Approximately 23 babies in the intensive care unit at the Children's Hospital of Philadelphia (CHOP) acquired eye infections after being examined. A facility audit suggested the spread of infection was caused by staff who failed to wear gloves and by inadequate cleaning of the equipment. Exposure to a microbe known as an adenovirus caused many of the children to have respiratory problems and five further developed pneumonia.
The Philadelphia Inquirer reported that one attorney for a plaintiff who has taken legal action described the hospital's negligence as “shocking.” Newborn babies (neonates) have an increased vulnerability to these types of infections.
In addition to respiratory problems, roughly 11 of the children and several employees also developed harmful eye conditions. Following the outbreak, the hospital claims to have taken “a swift and proactive response” to properly locate the source(s) of the problem. The facility has since heightened their infection control protocols including more frequent handwashing and regular cleaning of equipment. A hospital spokesperson affirmed their commitment to the “health and safety of patients . . . our foremost priority.”
Melanie Sanders was a newborn that weighed only 1 pound and 4 ounces when she was transferred to CHOP. Her prematurity caused retinopathy, which is a deformity in the development of blood vessels in the eye. Upon arrival, she underwent several eye examinations and soon developed respiratory problems attributed to an infection caused by the adenovirus. She needed a tube inserted into her chest to allow for proper drainage. Her condition rapidly worsened and she died shortly after. Her family has since filed a lawsuit against the hospital alleging medical negligence.
Source of Infection
Much of the equipment used in these eye examinations were determined to be the source of the infections. Many lenses and scopes contained a type 3 variety of the adenovirus that may cause conjunctivitis and a host of other problems. These conditions can often lead to a rapid spreading of the microbes. The hospital has since begun using more sterile tools, which are usually individually packaged and designed for a single use prior to being disposed of.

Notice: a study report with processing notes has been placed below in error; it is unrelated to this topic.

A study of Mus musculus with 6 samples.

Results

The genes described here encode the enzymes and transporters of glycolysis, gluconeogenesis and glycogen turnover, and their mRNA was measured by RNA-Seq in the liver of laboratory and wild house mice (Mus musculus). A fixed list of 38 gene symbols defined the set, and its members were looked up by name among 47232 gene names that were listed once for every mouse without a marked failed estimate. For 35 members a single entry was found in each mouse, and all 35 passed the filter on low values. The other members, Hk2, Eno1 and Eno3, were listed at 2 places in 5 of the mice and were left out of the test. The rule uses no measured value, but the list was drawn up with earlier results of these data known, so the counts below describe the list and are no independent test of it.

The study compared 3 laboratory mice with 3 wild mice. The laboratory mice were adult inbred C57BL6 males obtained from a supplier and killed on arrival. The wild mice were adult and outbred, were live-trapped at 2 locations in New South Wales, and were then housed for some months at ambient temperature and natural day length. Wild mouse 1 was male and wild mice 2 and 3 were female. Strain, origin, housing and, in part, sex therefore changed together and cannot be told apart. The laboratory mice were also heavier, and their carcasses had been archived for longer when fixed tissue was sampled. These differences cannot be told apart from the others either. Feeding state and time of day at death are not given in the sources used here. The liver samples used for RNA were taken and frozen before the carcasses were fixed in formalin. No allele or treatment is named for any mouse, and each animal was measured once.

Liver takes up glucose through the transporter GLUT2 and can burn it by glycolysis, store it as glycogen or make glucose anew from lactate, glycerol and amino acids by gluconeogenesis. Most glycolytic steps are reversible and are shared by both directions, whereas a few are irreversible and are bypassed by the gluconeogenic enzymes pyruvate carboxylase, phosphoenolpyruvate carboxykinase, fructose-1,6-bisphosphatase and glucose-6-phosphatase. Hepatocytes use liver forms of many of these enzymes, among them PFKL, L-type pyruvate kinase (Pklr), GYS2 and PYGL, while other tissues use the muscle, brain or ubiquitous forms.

Hospital Acquired Infections (HAIs)
An HAI is often called a nosocomial or secondary infection that can spread through various healthcare environments. In addition to hospitals, these microorganisms may exist in long-term care facilities, outpatient clinics, physician offices and more. Many of these infections are caused by contaminants such as bacteria, viruses, and fungi.
Adenoviruses & Conjunctiva
There are many ways that adenoviruses may spread such as:
- Touching someone with the virus, such as contact by handshaking
- Air particles expelled by a cough or sneeze
- Touching a contaminated surface and then touching eyes, nose, mouth, etc.
- Through contact with a person's stool, such as when changing a diaper
- By contact with infected water, such as in swimming pools
The conjunctiva is a clear lining of the inner eyelid. Conjunctivitis is a somewhat common disease referred to a “pink eye.” The condition may be highly contagious, yet rarely has any prolonged effects.